Job Postings Hint at TripAdvisor’s Growing Interest in Travel Packages
("TripAdvisor Hints at Its Growing Interest in Vacation Package Search," Skift Travel New, September 6, 2018)
Since April of this year, TripAdvisor’s job postings for open engineering positions have included references to “travel packages.” The size of TripAdvisor’s effort and what opportunities the effort might present for suppliers remain to be seen. TripAdvisor has for some time permitted third parties to feature packages for specific destinations and from time to time has included packages in flight search results. To date, however, TripAdvisor has relied on third parties to assemble the featured packages and not tried to create its own packages (which is typically quite difficult and could subject TripAdvisor to a never-before-seen level of EU scrutiny and oversight). With the package industry estimated to represent $71 billion in gross bookings in 2018, it is no wonder that TripAdvisor is considering options for cracking the package code.
Orbitz Held To Be a Taxable Room Broker
("Orbitz On Hook For Years' Worth Of Phoenix Hotel Taxes," Law360 - Retail & E-commerce, September 7, 2018) (subscription required)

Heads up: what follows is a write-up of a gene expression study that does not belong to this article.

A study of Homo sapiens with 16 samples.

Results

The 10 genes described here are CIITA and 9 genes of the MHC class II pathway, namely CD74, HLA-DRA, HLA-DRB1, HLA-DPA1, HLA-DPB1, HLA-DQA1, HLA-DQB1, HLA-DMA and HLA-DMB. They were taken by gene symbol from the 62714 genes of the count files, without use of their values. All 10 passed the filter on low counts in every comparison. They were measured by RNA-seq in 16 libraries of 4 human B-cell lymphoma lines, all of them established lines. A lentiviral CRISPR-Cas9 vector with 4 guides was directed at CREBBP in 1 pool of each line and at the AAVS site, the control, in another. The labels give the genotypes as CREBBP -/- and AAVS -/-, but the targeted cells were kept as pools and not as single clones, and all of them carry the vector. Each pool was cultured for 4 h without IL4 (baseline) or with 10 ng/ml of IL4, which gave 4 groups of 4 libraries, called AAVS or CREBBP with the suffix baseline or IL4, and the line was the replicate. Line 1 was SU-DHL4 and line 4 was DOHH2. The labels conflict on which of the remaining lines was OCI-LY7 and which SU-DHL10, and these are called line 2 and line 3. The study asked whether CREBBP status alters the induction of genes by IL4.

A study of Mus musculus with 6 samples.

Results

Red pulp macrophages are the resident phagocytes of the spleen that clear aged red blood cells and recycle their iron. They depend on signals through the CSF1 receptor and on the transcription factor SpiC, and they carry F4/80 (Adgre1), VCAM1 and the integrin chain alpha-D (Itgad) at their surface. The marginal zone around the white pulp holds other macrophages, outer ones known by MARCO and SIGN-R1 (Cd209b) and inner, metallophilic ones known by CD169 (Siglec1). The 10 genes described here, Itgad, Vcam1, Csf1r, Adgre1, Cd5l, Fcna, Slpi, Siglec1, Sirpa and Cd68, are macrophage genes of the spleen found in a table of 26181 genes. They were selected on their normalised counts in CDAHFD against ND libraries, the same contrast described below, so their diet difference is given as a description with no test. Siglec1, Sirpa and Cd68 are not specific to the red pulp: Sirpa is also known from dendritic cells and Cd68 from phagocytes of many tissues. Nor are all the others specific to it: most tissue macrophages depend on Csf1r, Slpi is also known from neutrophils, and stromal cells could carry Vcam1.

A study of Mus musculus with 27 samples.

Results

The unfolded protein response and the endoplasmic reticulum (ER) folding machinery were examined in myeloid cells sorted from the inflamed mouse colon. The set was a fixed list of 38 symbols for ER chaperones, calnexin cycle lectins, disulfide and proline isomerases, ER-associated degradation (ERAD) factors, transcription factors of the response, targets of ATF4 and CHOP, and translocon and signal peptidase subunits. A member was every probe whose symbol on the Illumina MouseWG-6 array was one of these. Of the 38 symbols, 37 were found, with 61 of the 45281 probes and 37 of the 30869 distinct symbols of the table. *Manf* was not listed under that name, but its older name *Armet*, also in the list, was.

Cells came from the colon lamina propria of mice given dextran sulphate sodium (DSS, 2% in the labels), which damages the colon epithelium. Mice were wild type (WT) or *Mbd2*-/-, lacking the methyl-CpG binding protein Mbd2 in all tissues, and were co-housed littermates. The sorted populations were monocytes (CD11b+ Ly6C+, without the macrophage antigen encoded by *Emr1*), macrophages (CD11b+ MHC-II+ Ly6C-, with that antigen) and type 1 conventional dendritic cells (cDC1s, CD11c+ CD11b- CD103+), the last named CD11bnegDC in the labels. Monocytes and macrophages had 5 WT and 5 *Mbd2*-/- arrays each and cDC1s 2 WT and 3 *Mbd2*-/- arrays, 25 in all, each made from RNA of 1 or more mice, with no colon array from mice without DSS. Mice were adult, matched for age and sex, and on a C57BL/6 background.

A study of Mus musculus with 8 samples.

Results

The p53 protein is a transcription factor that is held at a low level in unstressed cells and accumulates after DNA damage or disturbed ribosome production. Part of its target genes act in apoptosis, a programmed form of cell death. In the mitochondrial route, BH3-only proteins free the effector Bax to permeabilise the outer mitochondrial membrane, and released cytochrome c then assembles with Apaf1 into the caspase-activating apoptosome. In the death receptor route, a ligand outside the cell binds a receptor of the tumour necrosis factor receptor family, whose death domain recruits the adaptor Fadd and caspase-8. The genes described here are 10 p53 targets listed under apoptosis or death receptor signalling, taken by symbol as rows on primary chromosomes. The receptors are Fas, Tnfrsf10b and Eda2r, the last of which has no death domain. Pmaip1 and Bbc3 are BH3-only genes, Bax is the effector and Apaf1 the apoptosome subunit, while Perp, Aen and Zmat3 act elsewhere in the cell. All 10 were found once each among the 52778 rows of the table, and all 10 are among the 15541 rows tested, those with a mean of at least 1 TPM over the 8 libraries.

In a break from tradition (and several years of national precedent largely favoring OTAs), an Arizona appellate court held last week that Orbitz and other OTAs were room brokers (not hotel operators) under the City of Phoenix’s hotel tax code and therefore subject to tax on their sales of hotel rooms. According to the court, the fact that the OTAs (1) provide advertising and other services for hotels, (2) accept payment from travelers,(3) accept consideration for their services from hotels and (4) assist hotels with their taxable operations makes them hotel brokers. Orbitz and the other OTAs are likely to appeal the recent ruling, so stay tuned...
American and Singapore Airlines Rework Loyalty Programs for China’s Alibaba
Skift Travel News on Sep 1, 2018
Just when you might have thought the Chinese online travel market might be stabilizing because Ctrip bought a couple of major competitors, along comes Tencent’s Meituan Travel and Alibaba’s Fliggy. The latter appeals to a younger demographic, a fact that many airlines may find especially appealing. Fliggy, Alibaba’s online travel agency, appears to be doubling down on flights — particularly international flights — as a key arena in which it can get a leg up on anything both Tencent-backed ventures and Ctrip can throw at them. Presumably, Fliggy is vying for the Chinese travel market’s more profitable market segments: travel-hungry millennials and international travelers.
Greg Duff, Editor
Greg Duff founded and chairs GSB’s national Hospitality, Travel & Tourism group. His practice largely focuses on operations-oriented matters faced by hospitality industry members, including sales and marketing, distribution and e-commerce, procurement and technology. Greg also serves as counsel and legal advisor to many of the hospitality industry’s associations and trade groups, including AH&LA, HFTP and HSMAI.